Some professor of communications thinks citizen journalism is “too risky” Updates
posted at 8:50 pm on December 13, 2007 by Bryan
Yawn. Tell it Helen Thomas, Dr. David Hazinski, former NBC correspondent turned associate professor of telecommunications and head of broadcast news at the University of Georgia’s Grady College of Journalism. She’s got your back.
Supporters of “citizen journalism” argue it provides independent, accurate, reliable information that the traditional media don’t provide. While it has its place, the reality is it really isn’t journalism at all, and it opens up information flow to the strong probability of fraud and abuse. The news industry should find some way to monitor and regulate this new trend.
Actually, citizen journalists usually have to spend some of our time fact-checking the lies coming from the so-called pros. Ever heard of fauxtography, Dr. Hazinski? Google it. You’ll be there a while.
We haven’t seen any fraud from the MSM, have we? Nah. No international wires hiring terrorist propagandists. No major network news broadcasts airing fake documents. Nah. That only happens on blogs. Right.
With all due respect, professor, go fact-check yourself.
The premise of citizen journalism is that regular people can now collect information and pictures with video cameras and cellphones, and distribute words and images over the Internet. Advocates argue that the acts of collecting and distributing makes these people “journalists.” This is like saying someone who carries a scalpel is a “citizen surgeon” or someone who can read a law book is a “citizen lawyer.” Tools are merely that. Education, skill and standards are really what make people into trusted professionals. Information without journalistic standards is called gossip.
Right. Because writing a story that gets the 5 W’s and an H all squared away is just like going through 10 years of extra school followed by an internship followed by residency, all leading to an individual having both the scientific understanding and the sharpened skill to cut someone’s heart open to trim out a tumor. Yup. Just the same. Getting a quote right and in context and being fair to all involved is just like knowing case law and precedent going back to the founding of the country. Same same. Perfect metaphors, ace. Just spiffy.
Where do universities find such facile thinkers? Why do they give such shallow twits tenured jobs? Oh, right. Because they couldn’t get jobs anywhere else. And birds of a feather waste your tax dollars together.
But unlike those other professions, journalism — at least in the United States — has never adopted uniform self-regulating standards. There are commonly accepted ethical principals — two source confirmation of controversial information or the balanced reporting of both sides of a story, for example, but adhering to the principals is voluntary. There is no licensing, testing, mandatory education or boards of review. Most other professions do a poor job of self-regulation, but at least they have mechanisms to regulate themselves. Journalists do not.
So without any real standards, anyone has a right to declare himself or herself a journalist. Major media outlets also encourage it. Citizen journalism allows them to involve audiences, and it is a free source of information and video. But it is also ripe for abuse.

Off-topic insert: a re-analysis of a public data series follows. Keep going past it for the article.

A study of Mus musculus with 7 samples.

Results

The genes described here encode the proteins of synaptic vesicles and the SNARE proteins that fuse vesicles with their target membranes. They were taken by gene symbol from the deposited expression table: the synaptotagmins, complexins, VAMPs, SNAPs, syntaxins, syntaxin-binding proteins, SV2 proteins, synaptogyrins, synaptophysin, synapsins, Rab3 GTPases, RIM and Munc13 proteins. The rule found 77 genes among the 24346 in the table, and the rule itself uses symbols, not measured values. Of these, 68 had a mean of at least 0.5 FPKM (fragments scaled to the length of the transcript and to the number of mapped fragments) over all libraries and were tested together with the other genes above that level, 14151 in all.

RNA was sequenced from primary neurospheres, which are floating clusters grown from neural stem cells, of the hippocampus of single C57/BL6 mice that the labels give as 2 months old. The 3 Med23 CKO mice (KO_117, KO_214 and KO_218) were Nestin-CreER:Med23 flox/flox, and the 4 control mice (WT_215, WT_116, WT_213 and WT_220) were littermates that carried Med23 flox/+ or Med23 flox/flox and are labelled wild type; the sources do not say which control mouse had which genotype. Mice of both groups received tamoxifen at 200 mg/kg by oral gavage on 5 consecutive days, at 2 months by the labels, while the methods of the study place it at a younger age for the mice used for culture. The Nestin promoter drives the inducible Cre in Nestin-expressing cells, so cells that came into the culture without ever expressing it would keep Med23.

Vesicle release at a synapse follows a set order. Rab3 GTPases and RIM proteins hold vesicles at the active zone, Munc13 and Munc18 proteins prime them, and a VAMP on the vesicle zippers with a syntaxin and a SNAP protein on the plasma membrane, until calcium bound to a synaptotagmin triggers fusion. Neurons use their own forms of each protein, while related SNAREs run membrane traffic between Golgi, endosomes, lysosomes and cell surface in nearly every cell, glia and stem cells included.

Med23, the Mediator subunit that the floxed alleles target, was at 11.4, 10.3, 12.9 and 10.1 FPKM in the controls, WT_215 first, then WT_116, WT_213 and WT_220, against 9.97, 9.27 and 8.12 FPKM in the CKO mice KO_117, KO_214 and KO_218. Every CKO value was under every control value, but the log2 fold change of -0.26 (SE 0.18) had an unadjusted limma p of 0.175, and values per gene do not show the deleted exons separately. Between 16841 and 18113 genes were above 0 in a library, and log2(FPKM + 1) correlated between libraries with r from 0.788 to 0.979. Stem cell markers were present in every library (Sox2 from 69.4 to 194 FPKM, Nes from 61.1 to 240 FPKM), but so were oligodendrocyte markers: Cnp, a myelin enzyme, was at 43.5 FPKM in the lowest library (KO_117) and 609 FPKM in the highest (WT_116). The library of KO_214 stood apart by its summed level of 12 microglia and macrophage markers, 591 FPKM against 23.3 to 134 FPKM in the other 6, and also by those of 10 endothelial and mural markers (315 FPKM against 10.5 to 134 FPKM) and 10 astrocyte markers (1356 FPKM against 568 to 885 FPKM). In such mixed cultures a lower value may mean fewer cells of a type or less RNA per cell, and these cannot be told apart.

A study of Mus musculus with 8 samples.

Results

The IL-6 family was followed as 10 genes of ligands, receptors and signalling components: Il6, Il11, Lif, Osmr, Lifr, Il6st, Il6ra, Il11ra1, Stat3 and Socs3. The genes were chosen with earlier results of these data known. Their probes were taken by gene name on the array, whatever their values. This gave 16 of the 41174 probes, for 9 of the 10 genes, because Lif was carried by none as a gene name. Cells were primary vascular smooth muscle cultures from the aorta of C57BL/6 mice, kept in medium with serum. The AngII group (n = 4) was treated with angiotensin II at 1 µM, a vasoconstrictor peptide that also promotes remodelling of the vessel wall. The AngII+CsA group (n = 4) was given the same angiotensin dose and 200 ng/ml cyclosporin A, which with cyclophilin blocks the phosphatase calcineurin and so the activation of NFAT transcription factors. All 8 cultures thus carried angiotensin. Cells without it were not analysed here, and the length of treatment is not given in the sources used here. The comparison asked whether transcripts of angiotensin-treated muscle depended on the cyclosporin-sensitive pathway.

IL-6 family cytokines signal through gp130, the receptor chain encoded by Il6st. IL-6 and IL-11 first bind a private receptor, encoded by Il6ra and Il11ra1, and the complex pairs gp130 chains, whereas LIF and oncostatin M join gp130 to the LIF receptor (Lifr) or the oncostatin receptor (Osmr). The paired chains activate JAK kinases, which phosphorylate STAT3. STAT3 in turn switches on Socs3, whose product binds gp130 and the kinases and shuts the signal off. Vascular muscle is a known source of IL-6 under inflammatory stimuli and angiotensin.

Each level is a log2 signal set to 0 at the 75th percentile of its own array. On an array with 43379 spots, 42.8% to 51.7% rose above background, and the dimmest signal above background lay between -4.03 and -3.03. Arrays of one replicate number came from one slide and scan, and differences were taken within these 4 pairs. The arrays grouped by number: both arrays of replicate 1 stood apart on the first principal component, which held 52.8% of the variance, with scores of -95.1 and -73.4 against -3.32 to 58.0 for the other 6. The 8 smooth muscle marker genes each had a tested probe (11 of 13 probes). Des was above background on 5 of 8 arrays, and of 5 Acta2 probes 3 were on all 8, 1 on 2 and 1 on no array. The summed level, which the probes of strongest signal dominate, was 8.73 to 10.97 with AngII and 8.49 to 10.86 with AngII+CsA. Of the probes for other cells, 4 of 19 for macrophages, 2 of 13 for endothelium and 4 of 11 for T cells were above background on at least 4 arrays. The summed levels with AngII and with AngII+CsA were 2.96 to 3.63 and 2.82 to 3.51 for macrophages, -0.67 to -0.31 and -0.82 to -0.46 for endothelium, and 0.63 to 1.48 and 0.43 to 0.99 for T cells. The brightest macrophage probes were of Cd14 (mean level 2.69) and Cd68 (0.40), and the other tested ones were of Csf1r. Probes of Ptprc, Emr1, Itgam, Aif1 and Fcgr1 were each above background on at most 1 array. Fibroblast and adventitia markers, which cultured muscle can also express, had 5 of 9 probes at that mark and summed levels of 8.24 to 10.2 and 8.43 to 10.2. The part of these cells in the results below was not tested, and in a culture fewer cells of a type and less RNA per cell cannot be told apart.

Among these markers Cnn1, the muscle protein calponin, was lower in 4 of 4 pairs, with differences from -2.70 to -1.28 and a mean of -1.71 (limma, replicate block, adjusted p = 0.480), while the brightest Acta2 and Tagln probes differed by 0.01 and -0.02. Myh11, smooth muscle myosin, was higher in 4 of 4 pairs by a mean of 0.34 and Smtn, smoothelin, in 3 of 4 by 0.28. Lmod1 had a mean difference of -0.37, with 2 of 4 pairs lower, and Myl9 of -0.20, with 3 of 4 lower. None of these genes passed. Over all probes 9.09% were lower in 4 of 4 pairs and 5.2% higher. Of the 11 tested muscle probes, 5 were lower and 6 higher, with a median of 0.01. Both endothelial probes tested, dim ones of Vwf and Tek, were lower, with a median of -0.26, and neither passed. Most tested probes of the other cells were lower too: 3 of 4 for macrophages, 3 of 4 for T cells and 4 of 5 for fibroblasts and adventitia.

Yup, it is ripe for abuse. Just ask Jayson Blair and Frank Foer and Scott Beauchamp and Dan Rather and Mary Mapes and Dateline NBC and Stephen Glass and CNN (Operation Tailwind AND Eason Jordan’s confessed Iraq cover-up) and the Associated (with terrorists) Press and al-Reuters and all those others actually were considered professional journalists and who abused their position. Ask them before you get all high and mighty about citizen journalists.
Professor, regulate thyself. And read the First Amendment while you’re at it.
Read the rest of this tripe if you want, it’s at the link. I’m done with this Dr. Hazinski. If he wants to regulate blogs or set up a gate to his dishonest journalism priesthood, I have three words for him: Make our day. For every one instance of a blogger doing wrong, there are probably ten so-called professionals doing something far worse. The difference usually is when a blogger does wrong, he gets found out, shamed, mocked and ostracized. When a journalist does wrong, he just moves to a different network. So bring it on, professor.
Update: To borrow a useful word, indeed.
Update: Reader Scott says–
I can’t help remembering that the paper that published this, my home town AJC, is the one that made Richard Jewell’s life a living hell basically because they had a rumor, and, since the “big boys” of the MSM were in town for the Olympics, they didn’t want to get “scooped” on their own ground, so the safeties came off. If another industry had acted in such a self-serving cowboy fashion, the AJC would have eviscerated them.
That’s right. The pros at the AJC convicted Jewell before he’d ever been charged with anything. The pros didn’t exactly cover themselves in glory during the Duke non-rape fiasco either, and it took blogger KC Johnson’s tenacious effort to start setting things right in that case.